CHANDLER, AZ --   Small businesses can more usually shift gears more easily than large ones.  CK Valenti Designs in Chandler, AZ, has done just that in the wake of the pandemic. The company has developed a specialty niche in recent years, thanks to a surprise visit from a museum director looking for a shop that could help him design and create beautiful and functional displays, fixtures, etc. for a new museum.   When it became clear that COVID-19 was spreading in the U.S. owner, Chris Valenti, shut down the shop and sent his employees home. As he began to hear more about recommendations for stopping the spread of the virus, one item caught his attention: Plastic barriers and sneeze guards could provide some physical protection at still-open essential businesses. Valenti will be a panelist on the Cabinet Makers Association panel, “Diversifying Your Business: Think Outside the (Cabinet) Box” on Tuesday, May 19 at 11 a.m. Central. 
“I started seeing on Instagram that demand for these was sprouting up,” Valenti says. “We’ve been fabricating with plastic for years now, and I thought ‘We can make these. We have the equipment, and we’ve worked with this material before.’”  Valenti made what he calls a “Mini-Me” prototype and for purposes of shopping the idea around, he took a photo that made the prototype appear to be larger. He then shared it with a client, a local government agency that had mentioned its need for barriers; that agency was his first buyer.  He began brainstorming about other businesses that may need them, and decided to follow up with a contact he had with local car dealerships. That turned into sales of about 70-80 units of a one-piece barrier design. One employee came back to help Valenti with the project.
Wood Pro Expo Live will be held Tuesday, May 19 from 10 a.m. to 2 p.m. Central.  Cabinets & Closets Live will be held the following day, Wednesday, May 20, also from 10 a.m. to 2 p.m. Central.
The next step in the project’s evolution came when he realized that the design was not shipper-friendly if they wanted to send them out of state to far-flung buyers.   “I came up with a three-piece knock-down version,” Valenti says. His wife had sold items on the website Etsy in the past and suggested that they promote the shields on Etsy and see what happened.   At first, nothing happened. Then they had an epiphany, remembering the psychological power of the words “free shipping.” Once they offered free shipping for the COVID-19 barriers, the orders began rolling in.  “Now we’re close to 900 units sold,” Valenti says. “We closed the Etsy store on a Sunday because we couldn’t keep up, and we were running low on materials. I got more materials in, we re-opened Tuesday, and it took back off again. Now we’re getting custom orders.”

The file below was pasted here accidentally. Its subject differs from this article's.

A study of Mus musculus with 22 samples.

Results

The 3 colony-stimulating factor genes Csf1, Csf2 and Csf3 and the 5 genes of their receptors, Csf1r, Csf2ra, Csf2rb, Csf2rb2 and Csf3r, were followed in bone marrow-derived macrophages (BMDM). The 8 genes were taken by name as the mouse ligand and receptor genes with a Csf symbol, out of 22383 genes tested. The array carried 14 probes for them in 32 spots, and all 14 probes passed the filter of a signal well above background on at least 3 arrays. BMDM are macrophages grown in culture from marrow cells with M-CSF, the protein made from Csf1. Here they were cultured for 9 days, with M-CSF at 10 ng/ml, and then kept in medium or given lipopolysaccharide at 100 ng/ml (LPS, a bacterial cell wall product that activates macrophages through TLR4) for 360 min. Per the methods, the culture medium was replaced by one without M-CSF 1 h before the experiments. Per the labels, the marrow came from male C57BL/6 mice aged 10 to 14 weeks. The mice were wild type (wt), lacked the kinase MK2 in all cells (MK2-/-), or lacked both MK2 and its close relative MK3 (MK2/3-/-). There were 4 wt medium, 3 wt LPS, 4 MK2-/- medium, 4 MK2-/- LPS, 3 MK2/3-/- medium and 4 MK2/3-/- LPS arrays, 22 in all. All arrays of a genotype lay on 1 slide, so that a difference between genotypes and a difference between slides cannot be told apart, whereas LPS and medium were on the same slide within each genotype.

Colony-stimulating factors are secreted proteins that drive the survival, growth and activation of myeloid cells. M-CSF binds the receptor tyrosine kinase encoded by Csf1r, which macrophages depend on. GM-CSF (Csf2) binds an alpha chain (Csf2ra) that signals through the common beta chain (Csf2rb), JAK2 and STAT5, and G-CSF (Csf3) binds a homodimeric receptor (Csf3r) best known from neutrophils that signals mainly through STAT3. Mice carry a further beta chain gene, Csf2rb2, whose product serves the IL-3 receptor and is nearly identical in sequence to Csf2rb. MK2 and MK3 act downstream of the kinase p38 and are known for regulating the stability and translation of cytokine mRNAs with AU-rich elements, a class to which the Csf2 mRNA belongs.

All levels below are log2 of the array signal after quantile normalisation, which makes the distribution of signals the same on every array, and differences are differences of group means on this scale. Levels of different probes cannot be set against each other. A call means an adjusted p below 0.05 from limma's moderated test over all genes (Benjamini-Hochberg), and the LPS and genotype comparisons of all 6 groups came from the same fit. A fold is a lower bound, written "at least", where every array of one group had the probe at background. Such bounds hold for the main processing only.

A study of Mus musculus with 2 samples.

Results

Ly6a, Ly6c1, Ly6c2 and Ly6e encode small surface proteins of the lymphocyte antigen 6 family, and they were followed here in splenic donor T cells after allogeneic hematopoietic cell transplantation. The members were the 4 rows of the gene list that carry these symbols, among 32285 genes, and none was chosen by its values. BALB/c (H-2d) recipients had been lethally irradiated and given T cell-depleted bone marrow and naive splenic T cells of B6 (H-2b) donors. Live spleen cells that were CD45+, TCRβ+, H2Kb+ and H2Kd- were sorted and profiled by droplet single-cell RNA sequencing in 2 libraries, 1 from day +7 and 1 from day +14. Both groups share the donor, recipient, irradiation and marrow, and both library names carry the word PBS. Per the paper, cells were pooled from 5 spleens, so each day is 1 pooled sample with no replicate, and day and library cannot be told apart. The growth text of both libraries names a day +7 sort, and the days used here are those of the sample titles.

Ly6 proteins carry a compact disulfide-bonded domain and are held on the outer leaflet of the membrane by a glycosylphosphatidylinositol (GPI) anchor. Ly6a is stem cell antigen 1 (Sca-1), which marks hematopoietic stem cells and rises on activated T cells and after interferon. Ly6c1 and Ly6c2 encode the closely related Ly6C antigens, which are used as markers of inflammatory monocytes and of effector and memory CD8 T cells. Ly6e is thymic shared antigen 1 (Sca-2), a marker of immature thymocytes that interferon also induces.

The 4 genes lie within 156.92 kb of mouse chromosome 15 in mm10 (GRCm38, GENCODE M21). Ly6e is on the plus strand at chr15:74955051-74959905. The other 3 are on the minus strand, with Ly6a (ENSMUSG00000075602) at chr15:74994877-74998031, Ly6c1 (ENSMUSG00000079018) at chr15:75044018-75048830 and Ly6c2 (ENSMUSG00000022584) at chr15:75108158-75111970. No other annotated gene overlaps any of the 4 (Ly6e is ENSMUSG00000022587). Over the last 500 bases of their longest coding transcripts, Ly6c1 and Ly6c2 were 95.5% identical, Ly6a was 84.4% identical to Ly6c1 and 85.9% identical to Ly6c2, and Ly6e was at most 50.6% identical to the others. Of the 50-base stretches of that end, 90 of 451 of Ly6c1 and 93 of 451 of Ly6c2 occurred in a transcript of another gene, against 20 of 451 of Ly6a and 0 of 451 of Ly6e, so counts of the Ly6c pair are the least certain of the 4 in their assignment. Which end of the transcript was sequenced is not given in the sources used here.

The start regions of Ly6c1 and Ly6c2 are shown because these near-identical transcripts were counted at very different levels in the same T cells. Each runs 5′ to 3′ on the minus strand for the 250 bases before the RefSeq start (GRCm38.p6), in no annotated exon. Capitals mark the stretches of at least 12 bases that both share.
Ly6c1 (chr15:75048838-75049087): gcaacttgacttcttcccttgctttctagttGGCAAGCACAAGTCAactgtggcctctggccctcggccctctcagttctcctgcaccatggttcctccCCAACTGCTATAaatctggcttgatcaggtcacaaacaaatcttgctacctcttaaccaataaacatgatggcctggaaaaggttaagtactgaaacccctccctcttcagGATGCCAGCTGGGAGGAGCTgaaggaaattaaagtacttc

It was a no-brainer in a way. “We’re using the same suppliers and the same equipment – it’s just a different application,” he says.  The COVID-19 barriers project has enabled CK Valenti Design to generate income in a safe way while its normal operations are down.
“Two months ago, we put a halt on operations because from a safety perspective, I didn’t want to be in proximity to people we don’t know while out doing projects,” Valenti says. “In short, it was the whole social distancing concern. The barrier project lets me and one other guy work in the shop, and that other person has stayed isolated as well. We don’t have to install the barriers, so we don’t leave the shop.”   When local buyers come to get their orders, he and his employee put on masks and gloves, and the buyers picked up their shields outside the shop.   “With shipping, FedEx and UPS pick up at the shop, we’re minimizing our contact,” Valenti says. “I’m not going to say it’s 100 percent, but it really allows us to stay isolated. The doors are locked, so we don’t have any comings and goings.”
While their museum work has gone away due to museums closing down, residential clients have been in touch. “We have gone back out into the field on a few occasions, and we’ve told general contractors and the homeowners we work for that no one else can be onsite when we’re there,” he says. “If anyone argues against that, it’s just ignorance.
“We’re taking our time getting back into this,” Valenti says. “As a small business owner, I can’t afford to be sick. I’m a healthy person, but even if I could fight it off, I don’t want to bring it home to my six-year-old and my two-year-old. Seeing these flare-ups we’re experiencing in Arizona is a reminder that we’ve got to play it safe.”